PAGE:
Set sail on the wine dark sea with Odysseus as he travels from Troy to Home in Ithaca. A distance of 565 nautical miles, a two-week sea cruise. It takes ten years! Sail the sea, meet the monsters, applaud the help-mates. Partake of bread, cheese and wine – even if metaphorically. On our way home we will travel the Enneagram in counter-clockwise order. Every encounter along the way has lessons, questions, warnings and encouragement for us. Odysseus arrives home – not to spoil the ending – a changed man. A different sort of hero. We will arrive home changed as well. His journey is ours.
Using Michael Goldberg’s brilliant book, Travels with Odysseus, we will leave Troy, victorious in that infamous war. Spoils of war filling 12 ships to sail home to Ithaca. The journey mirrors our necessary travels to home, loosening our egos and discovering our gentle strengths, our values, our virtuous selves.
Session One: Troy has been destroyed, Odysseus and crew load their bounty – silver, gold, swords, armor – the spoils of war into ships and sail off. They don’t get far before being tempted to land and continue their conquests. Pillaging, looting and ravaging. Second stop -The Lotus Eaters. Almost stalls the entire trip to home. What do we need to learn about resignation, narcotization and nines?
Session Two: An encounter with the Cyclops. Who is the bigger bully? Brute strength versus clever manipulation. For some a tragic stop – for all, it sets the tone for the rest of the journey. Poseidon enters the story with lasting consequences. Focused on our own strength, might we be blind-sided by cleverness? What do we need to learn about denial, excess, lust and the eights?
Session Three: An island that floats – no fixed location. The inhabitants and the island itself do not want to be tied down, limited. A grand on-going party. The King’s refusal to help a second time. Sounds rather like those folks who do not want to acknowledge or encounter pain, and become fixated on “the good stuff.” What do we need to learn from the overtly “happy” sevens?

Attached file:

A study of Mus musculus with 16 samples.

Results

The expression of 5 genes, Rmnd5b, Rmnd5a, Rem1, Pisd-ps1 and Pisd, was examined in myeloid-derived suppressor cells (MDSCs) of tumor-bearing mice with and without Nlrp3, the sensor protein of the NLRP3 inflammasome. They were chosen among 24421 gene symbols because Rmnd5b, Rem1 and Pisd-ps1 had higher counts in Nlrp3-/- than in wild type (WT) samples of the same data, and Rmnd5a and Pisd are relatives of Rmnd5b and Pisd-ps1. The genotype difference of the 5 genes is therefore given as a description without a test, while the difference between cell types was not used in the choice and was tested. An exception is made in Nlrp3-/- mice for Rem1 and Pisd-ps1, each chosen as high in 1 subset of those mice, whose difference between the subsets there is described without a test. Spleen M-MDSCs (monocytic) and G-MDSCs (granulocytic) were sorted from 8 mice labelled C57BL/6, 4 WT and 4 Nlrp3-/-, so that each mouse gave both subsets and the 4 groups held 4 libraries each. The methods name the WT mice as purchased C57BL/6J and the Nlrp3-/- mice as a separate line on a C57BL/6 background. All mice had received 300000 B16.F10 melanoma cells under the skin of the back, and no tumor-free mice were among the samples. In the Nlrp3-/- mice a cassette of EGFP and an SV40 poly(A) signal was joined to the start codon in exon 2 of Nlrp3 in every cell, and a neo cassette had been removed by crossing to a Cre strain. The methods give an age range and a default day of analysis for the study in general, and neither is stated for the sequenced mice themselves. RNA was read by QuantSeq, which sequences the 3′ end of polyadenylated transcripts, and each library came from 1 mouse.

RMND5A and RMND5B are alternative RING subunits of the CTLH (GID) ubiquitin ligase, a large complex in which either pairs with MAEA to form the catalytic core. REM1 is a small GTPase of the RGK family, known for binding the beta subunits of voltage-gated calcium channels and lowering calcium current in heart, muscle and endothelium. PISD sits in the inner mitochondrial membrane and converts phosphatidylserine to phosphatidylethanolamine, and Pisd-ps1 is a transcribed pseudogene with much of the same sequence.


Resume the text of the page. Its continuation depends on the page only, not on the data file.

Session Four: The opposite of being the big one is the fear that you are the small one. The Laestrygonians are physically huge, but lean into fear, pre-judging and pre-emptive actions. Fear can motivate but it can also cripple or exaggerate. The action here results in a huge loss for Odysseus and is a turning point in the story. Perhaps a lesson for us in this as well. What can we learn about being right-sized from the fearful, watchful sixes?
Session Five: After the horror and loss of the encounter with the Laestrygonians a much needed rest, replenishing supplies and the beautiful goddess, Circe to give directions and encouragement. But first to the pig sty. Hermes the god of change, intersection, turning points, enters the story, introduces us to Moly – a very handy drug if you intend to deal with witchy-goddesses like Circe. Has Odysseus become humble, as well as flexible to take directions, and connect the dots, understand the intricacies – and steady enough to follow those directions -his life and the life of his crew depend on this. What do we need to learn from perceptive, reclusive, steady fives?
Session Six: To Hades and back. Letting go of our regrets in order to return to our lives. We must make peace with the shades of Hades, as Odysseus did. Given directions by Tiresias he sails past the Sirens who sing his song, who understand his longings and he is not be pulled off course. Do we, like fours yearn to be understood? The Sirens offer a test and a resolution. What can we learn from the strength of the creative, sensitive, emotional fours?
Session Seven: We pick up our journey with the challenge to sail through the straight and narrow to avoid Scylla and Charybdis. Take necessary losses – a three quality. See the goal, set the course and go. Stranded on the island of the sun God, Helios, hungry, thirsty, far from home – can we hold ourselves to the truth, be persistent and follow strict instructions (again from Tiresias of how to survive) – or do we make our own rules – as threes have been known to do. What can we learn about arrogance and swagger from the threes?
Session Eight: His crew and ships destroyed, Odysseus floats – alone, battered, naked. What sort of hero now? How is he to survive? What does he need? He needs to be rescued, cared for, nursed back to life. To be reanimated. Learning to give and receive nurture and help is a “two-way” street. Calypso, the quintessential two, saves Odysseus and then captures him. What can we learn from the twos about helping, over-doing and interdependence – and freedom?
Session Nine: Poseidon shows up again and Odysseus with help from Zeus escapes with his life – barely. Once again floating in the salty sea – rescued by the high-minded Phaecians who personify honesty and integrity. No shortcuts here. Practice our best selves, our virtues – that is what ones have been telling us all along. This is the last stop of rejuvenation and story-telling before Odysseus returns to Ithaca – to encounter great trouble…
Session Ten: Nine stops. Nine lessons. On to the “third half of life.” Can we enter the symbolic/spiritual life, bringing the earth, ourselves and heaven together – as they must be? Odysseus is given a specific task to entertain symbolism, to embrace the spiritual life. We need to determine for ourselves how and if we will enter the symbolic life, embrace our sense of spirituality. What is my legacy? What task? What is mine to do? The purpose of the quest.